The Coup de cœur francophone turns 30 this year. For 2016, about 100 performances are programmed in 13 Montréal venues during the 11-day festival, which wraps up on Nov. 13. Thirty years of creation and discovery, that have made this fall event a staple on Québec’s music scene.
In September of 2016, during the Gala de la SOCAN in Montréal, festival director and co-founder, Alain Chartrand received the Special Achievement Award, given by his peers for his contribution to the promotion of our culture through Coup de cœur francophone. “I am, obviously, honoured – especially when you look at the prestigious list of previous recipients, such as Guy Latraverse or Donald Tarlton,” says Chartrand. “So I was a little intimidated at first, because the award recognizes the work of an artisan, and it comes from an institution that oversees the copyrights of songwriters. I’m proud of this award because SOCAN recognizes the work of live show bookers and presenters, as we are one link in the long chain of the value of music.
“In the mid-‘80s, we quickly realized that there was clearly an interest for the new wave of chanson française represented by artists like Arthur H. [whose first appearance at Coup de coeur was an opening slot for Luc de Larochelière], Dominique A., Arno, and the like. There were many artists waiting to be discovered, and that is the first mission of a festival.”
What concerts have impressed him the most over those thirty years? “That’s a cruel question!” he says. “Alain Bashung in 1995 was a magnificent show, the timing was perfect. Richard Desjardins Symphonique – who, incidentally, played Coup de coeur for the first time in 1988, opening for Isabelle Mayereau, the first time he played in front of 600 people.” In fact, Desjardins played Coup de coeur seven times over thirty years.
“There’s also Danse Lhasa Danse, which we created for the 25th edition in 2011, which definitely became a milestone for Coup de coeur,” says Chartrand. “Pierre-Paul Savoie was in charge of the choreography, with 13 dancers, six singers and five musicians. The first time everyone rehearsed together was on the day of the show!”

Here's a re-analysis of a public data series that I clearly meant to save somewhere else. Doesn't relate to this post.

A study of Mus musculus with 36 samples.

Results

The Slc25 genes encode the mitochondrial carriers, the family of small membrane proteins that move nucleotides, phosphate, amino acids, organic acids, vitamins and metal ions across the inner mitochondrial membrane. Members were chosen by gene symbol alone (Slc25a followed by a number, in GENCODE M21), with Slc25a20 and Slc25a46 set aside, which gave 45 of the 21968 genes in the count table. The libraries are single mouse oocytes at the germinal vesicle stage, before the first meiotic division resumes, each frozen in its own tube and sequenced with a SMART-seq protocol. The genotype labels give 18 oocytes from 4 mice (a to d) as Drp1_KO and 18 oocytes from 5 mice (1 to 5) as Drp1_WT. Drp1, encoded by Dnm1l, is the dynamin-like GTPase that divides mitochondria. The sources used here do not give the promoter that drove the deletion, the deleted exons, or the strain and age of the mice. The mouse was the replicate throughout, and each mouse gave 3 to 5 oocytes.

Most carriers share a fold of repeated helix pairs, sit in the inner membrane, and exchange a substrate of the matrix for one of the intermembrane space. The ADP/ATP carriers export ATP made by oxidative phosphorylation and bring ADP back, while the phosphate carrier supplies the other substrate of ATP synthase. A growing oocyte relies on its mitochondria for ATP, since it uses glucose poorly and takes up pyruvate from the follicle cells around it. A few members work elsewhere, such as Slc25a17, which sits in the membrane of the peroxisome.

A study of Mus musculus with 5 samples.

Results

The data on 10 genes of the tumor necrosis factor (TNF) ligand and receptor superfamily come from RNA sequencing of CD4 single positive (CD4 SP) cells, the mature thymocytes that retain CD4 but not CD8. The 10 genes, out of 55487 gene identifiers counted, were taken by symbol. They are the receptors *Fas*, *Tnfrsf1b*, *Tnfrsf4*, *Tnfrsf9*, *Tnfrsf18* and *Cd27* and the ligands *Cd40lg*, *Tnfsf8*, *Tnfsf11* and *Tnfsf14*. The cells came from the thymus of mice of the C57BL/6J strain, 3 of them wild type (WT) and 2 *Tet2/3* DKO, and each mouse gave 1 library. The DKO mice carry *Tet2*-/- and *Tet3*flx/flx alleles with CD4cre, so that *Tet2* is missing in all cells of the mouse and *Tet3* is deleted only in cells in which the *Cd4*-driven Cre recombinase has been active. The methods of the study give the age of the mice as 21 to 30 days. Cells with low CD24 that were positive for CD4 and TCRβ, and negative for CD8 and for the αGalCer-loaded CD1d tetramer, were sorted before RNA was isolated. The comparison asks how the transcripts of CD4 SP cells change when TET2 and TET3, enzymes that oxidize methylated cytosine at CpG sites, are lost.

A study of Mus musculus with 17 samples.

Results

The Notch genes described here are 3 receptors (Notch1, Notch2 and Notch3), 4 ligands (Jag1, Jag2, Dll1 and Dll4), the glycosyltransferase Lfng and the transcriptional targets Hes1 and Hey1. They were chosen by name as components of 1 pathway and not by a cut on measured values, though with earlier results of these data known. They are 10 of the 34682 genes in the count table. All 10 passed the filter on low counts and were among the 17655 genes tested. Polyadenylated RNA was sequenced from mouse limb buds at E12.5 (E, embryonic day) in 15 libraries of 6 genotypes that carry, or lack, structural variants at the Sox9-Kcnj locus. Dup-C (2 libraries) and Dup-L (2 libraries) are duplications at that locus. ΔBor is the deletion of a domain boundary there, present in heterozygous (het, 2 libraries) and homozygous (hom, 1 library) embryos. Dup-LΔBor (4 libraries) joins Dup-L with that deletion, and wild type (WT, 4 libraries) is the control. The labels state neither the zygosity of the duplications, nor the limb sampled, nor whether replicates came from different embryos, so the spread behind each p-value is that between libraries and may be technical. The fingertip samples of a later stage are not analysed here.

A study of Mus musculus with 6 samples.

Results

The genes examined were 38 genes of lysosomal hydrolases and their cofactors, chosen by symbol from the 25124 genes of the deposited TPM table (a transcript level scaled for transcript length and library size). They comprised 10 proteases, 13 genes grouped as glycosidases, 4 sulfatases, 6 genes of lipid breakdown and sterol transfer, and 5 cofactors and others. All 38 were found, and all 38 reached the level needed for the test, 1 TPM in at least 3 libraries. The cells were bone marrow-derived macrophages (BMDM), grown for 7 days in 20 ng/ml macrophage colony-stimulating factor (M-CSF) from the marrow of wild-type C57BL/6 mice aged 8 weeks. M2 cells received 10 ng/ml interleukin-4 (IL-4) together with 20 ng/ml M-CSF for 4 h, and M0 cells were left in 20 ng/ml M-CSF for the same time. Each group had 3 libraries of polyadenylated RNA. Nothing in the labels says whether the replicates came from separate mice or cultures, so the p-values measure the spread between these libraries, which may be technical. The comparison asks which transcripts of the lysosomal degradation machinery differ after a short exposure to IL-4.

Diane Dufresne is also among the Artistic Director’s most fond memories. “I remember that one also,” he says, “because the late Allain Leprest opened for her, and at the end of his performance, he thanked the Fracofolies!”
Yet, at some point, Coup de coeur had to leave its comfort zone and explore more abrasive artists such as Massilia Sound System, No One Is Innocent, Vulgaires Machins and WD-40: “Obviously,” says Chartrand, “we had to move away from our go-to intro, ‘Amis de la chanson, bonsoir?!’” (Loosely translated: “Good evening, song lovers.”)
What’s his impression of today’s music ecosystem? “People ask me all the time if I think we’re in a crisis,” says Chartrand. “In the three decades of Coup de cœur francophone, there has never been a creative crisis. The way we consume music has changed, and the tough part today for artists is how to reach the audience. When Coup de coeur started, the recurring issue was getting on the radio, because that was the only way to reach the audience.”
So, Chartrand is an optimist? “There are always are cycles, new faces that emerge,” he says. “Nowadays, we could do two or three separate programs. But will the newcomers have the ability to constantly renew their audience? Take Sylvie Paquette [who’s presenting her homage concert to poet Anne Hébert on Nov. 8]. She’s the first artist to ever play at Coup de coeur. She’s perseverant, even though her record sales were never through the roof. She developed her audience.”
It’s a secret to no one that Chartrand has a privileged relationship with songwriters. “It’s actually more a relationship with the songs,” he says. “I’m interested in songs because they’re interested in me. It’s a mutual interest. There’s also a trust-based relationship with musicians when it comes to paying their royalties. We’ve always made sure we’re up-to-date on the rules regulating copyrights. I’m no specialist, but the way things are nowadays, I believe the problem needs to be solved legally; we need governments to use their power against service providers. We also need to better position Francophone music so it’s better remunerated. But the problem is global.”
It’s easy to forget that Coup de coeur is a partnership project. Forty-five Canadian cities are affiliated to present more than two hundred performances. “Our playground extends over six time zones,” says Chartrand. “Instead of developing vertically, we developed horizontally!”
Among the can’t-miss concerts of the 2016 edition, Chartrand is excited to see Philippe Brach (who’ll premiere the songs off of his new album Enfant-Ville), Klô Pelgag’s new show, Corps, amour et anarchie and the return to the stage of Les Goules.